Harvard baseball coach Joe Walsh won’t have to worry about pesky parents reaching over O’Donnell Field’s short fence and forcing food on their children—and his players—any more.
While the Crimson’s current on-field accomodations are too small to house Walsh’s entire squad, forcing the exile of several players to exposed benches nearby each game, new, more spacious dugouts headline a bevy of capital improvements planned for Harvard’s baseball and softball fields this off-season.
“It’s a little chaotic with the kids sitting on benches,” Walsh said. “You know, you have fans sitting right behind the bench at a basketball game and no one says anything. But you put 12 baseball guys out there and you’ve got parents tapping kids on the shoulder asking, ‘You want anything? I’m going to the store.’”
With his team huddled together, sheltered from both the elements and its fans, Walsh said that he hopes to more effectively instruct his players during the middle of the game, a goal that in the past was undermined by the sheer lack of space and their resulting sprawl.
The enhancements for play-by-play coaching will most directly affect Harvard’s catchers, who, due to the current positioning of the dugouts, cannot look to the bench for pitch calls during the game since the umpire stands between the catcher’s box and Walsh’s seat in the dugout.
“The catcher would have to turn all the way around [to receive the sign] and the umpire’d be in the way,” Walsh said. “I was never able to sit in the dugout in my nine years to be in sight of the catcher. I’d have to be up the line a bit.”
But not all of Walsh’s requests for the new facilities could be accommodated. Due to the water table below Allston, the new dugouts will not have the drop off commonly associated with their design.
“I was going to bat for the step-down dugouts—I didn’t need one of the 12-foot step downs, just one or two steps,” Walsh said. “But they had some engineers take a look at it, and they said that the water table was too close.”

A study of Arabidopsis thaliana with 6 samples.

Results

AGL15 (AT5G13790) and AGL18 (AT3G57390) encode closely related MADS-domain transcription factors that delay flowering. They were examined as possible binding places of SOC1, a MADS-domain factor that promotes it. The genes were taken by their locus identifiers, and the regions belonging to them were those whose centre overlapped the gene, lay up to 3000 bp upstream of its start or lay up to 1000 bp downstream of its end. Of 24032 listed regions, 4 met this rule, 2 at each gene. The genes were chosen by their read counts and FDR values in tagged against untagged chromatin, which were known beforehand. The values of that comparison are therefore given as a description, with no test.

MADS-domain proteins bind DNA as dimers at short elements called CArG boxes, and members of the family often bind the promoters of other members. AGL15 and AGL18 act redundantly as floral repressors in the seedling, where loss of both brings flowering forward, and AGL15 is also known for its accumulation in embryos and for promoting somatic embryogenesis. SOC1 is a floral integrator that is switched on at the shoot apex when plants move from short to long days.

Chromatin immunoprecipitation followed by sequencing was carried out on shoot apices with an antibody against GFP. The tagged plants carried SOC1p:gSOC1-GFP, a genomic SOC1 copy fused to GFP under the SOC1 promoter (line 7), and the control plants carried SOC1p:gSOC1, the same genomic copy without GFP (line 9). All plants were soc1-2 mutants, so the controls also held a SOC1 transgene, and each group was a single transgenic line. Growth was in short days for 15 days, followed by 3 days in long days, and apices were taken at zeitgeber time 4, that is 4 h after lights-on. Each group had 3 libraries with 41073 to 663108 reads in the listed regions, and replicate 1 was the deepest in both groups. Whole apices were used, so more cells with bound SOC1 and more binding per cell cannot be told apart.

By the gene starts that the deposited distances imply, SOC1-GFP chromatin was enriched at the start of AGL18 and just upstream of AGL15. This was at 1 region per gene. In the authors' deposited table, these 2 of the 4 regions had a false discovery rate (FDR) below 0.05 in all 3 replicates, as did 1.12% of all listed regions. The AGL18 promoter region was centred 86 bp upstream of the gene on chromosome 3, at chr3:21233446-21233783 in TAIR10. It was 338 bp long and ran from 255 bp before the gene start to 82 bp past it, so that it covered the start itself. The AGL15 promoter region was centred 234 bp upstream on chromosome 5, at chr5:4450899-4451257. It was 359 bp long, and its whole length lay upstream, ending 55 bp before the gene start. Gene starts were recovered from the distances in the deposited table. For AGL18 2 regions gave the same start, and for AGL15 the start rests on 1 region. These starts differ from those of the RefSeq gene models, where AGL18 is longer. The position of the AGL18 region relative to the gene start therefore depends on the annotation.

“It’s called sinking,” Harvard softball coach Jenny Allard added. “They can’t sink the dugout because the land is too low already so we could have some flooding issues.”
While Allard’s squad is not pressed to squeeze into its seating, the softball dugouts will also be updated. According to Allard, the more important change is not in the dugouts’ reconstruction but their location, which she hopes will leave open possible enhancements in the future.
“With softball, they’re looking at possibly of landscaping to shift the field so that five years down the road when they look to put in more permanent stands they have the place to do it,” Allard said. “The dugouts need to be done, no question, but I asked, for long-term [planning], to have [Soldiers Field] become a great venue to come watch. If Allston planning happens and you have housing down there, you might draw more students to games and we have very limited seating there right now.”
Currently, the field’s alignment relative to an access road behind home plate prevents the addition of extra stands.
Improvement plans for O’Donnell Field also look to enhance the experience for fans, while refining playing conditions.
While the current bleachers are removed from the field and the view from behind home plate is obscured, a new backstop and the elimination of some foul territory will bring spectators much closer to the action.
The outfield walls will also be raised from three to four feet, according to Walsh, while new turf will be added to the heavily-trafficked area around home plate to ensure it does not become too worn during the year.
Walsh also dismissed speculation that the improvements to the baseball field were delayed while matching funds were sought for the softball field in accordance with Title IX, which mandates comparable expenditures for male and female athletics.
“[Director of Athletics] Bob Scalise has been fighting for this for awhile, as had [former Director of Athletics] Bill Cleary,” Walsh said. “Both softball and baseball have been looking for some improvements. It really doesn’t have anything to do with Title IX. If it does, it’s so far up the ladder that I don’t know about it.”
“There’s so many things around here and with 41 varsity sport teams we’re always trying to get something and our turn came up.”
Scalise did not return phone calls seeking comment.
—Staff writer Timothy J. McGinn can be reached at firstname.lastname@example.org.